Monday, September 24, 2007

Gold Star Book Award Nominees

I've nominated four of this fall's best academic books on education for the first (quasi-recurring) eduwonkette gold star award. Here are the books and short blurbs from the publishers about each of them. Give me a couple of weeks to get through them all and I'll announce a winner. In no particular order:

Mitchell Stevens, Creating a Class: College Admissions and the Education of Elites

In real life, Mitchell Stevens is a professor in bustling New York. But for a year and a half, he worked in the admissions office of a bucolic New England college that is known for its high academic standards, beautiful campus, and social conscience. Ambitious high schoolers and savvy guidance counselors know that admission here is highly competitive. But creating classes, Stevens finds, is a lot more complicated than most people imagine.

Admissions officers love students but they work for the good of the school. They must bring each class in "on budget," burnish the statistics so crucial to institutional prestige, and take care of their colleagues in the athletic department and the development office. Stevens shows that the job cannot be done without "systematic preferencing," and racial affirmative action is the least of it. Kids have an edge if their parents can pay full tuition, if they attend high schools with exotic zip codes, if they are athletes--especially football players--and even if they are popular.

Jack Buckley and Mark Schneider, Charter Schools - Hope or Hype?

Over the past several years, privately run, publicly funded charter schools have been sold to the American public as an education alternative promising better student achievement, greater parent satisfaction, and more vibrant school communities. But are charter schools delivering on their promise? Or are they just hype as critics contend, a costly experiment that is bleeding tax dollars from public schools? In this book, Jack Buckley and Mark Schneider tackle these questions about one of the thorniest policy reforms in the nation today.

Using an exceptionally rigorous research approach, the authors investigate charter schools in Washington, D.C., carefully examining school data going back more than a decade, interpreting scores of interviews with parents, students, and teachers, and meticulously measuring how charter schools perform compared to traditional public schools. Their conclusions are sobering.

Buckley and Schneider show that charter-school students are not outperforming students in traditional public schools, that the quality of charter-school education varies widely from school to school, and that parent enthusiasm for charter schools starts out strong but fades over time. And they argue that while charter schools may meet the most basic test of sound public policy--they do no harm--the evidence suggests they all too often fall short of advocates' claims.

Bruce Fuller, Standaridzed Childhoods: The Political and Cultural Struggle Over Early Education

A colorful array of childcare and preschool options blossomed in the 1970s as the feminist movement spurred mothers into careers and community organizations nurtured new programs. Now a small circle of activists aim to bring more order to childhood. Their battle cry, heard in a growing number of state capitals and school reform circles, seeks to create a more standard, state-run preschool system. For young children already facing the rigors of play dates and harried parents juggling the strains of work and family, government is moving in to standardize childhood.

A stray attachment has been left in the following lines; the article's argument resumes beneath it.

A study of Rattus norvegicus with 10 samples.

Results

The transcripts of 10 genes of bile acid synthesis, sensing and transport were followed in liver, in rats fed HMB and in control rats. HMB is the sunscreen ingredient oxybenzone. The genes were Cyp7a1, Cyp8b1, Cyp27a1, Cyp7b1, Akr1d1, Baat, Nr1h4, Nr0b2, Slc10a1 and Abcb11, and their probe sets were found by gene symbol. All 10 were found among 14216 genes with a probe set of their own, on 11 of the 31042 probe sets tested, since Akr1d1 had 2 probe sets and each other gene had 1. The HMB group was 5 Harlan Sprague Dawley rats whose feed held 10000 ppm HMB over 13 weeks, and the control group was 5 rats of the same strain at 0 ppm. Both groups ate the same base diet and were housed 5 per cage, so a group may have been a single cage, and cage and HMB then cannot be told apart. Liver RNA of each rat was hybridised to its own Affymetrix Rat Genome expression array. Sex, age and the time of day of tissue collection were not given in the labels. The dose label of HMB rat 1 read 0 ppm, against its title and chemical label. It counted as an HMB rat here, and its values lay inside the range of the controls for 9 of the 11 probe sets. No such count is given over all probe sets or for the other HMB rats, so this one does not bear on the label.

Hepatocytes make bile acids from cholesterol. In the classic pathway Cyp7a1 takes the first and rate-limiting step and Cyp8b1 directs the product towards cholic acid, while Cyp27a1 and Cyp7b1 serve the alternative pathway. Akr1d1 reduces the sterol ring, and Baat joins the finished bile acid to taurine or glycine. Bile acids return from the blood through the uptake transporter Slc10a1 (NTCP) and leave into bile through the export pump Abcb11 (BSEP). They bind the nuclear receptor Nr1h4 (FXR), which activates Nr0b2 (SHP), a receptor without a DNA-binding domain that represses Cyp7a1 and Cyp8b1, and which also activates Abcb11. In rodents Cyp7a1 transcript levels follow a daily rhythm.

Sociologist Bruce Fuller traveled the country—sitting in preschool classrooms, delving into the birth of universal preschool in California and Oklahoma, and interviewing this robust movement’s eager leaders—to understand the ideologies of childhood and the raw political forces at play. He details how these new progressives earnestly seek to extend the rigors of public schooling down into the lives of very young children. Fuller then illuminates the stiff resistance by some children’s activists, ethnic leaders, and conservatives, who hold less trust in government solutions and more faith in nonprofits and local groups in contributing to the upbringing of young children. Drawing on the voices of teachers, community activists, and political leaders actively shaping this debate,Standardized Childhood shows why the universal preschool movement is attracting such robust support—and strident opposition—nationwide.

David Kirp, The Sandbox Investment: The Preschool Movement and Kids-First Politics

The rich have always valued early education, and for the past forty years, millions of poor kids have had Head Start. Now, more and more middle class parents have realized that a good preschool is the smartest investment they can make in their children's future in a competitive world. As The Sandbox Investment shows, their needs are key to the growing call for universal preschool.

Writing with the verve of a magazine journalist and the authority of a scholar, David L. Kirp makes the ideal guide to this quiet movement. He crouches in classrooms where committed teachers engage lively four-year-olds, and reveals the findings of an extraordinary longitudinal study that shows the life-changing impact of preschool. He talks with cutting-edge researchers from neuroscience and genetics to economics, whose findings increasingly show how powerfully early childhood shapes the arc of children's lives.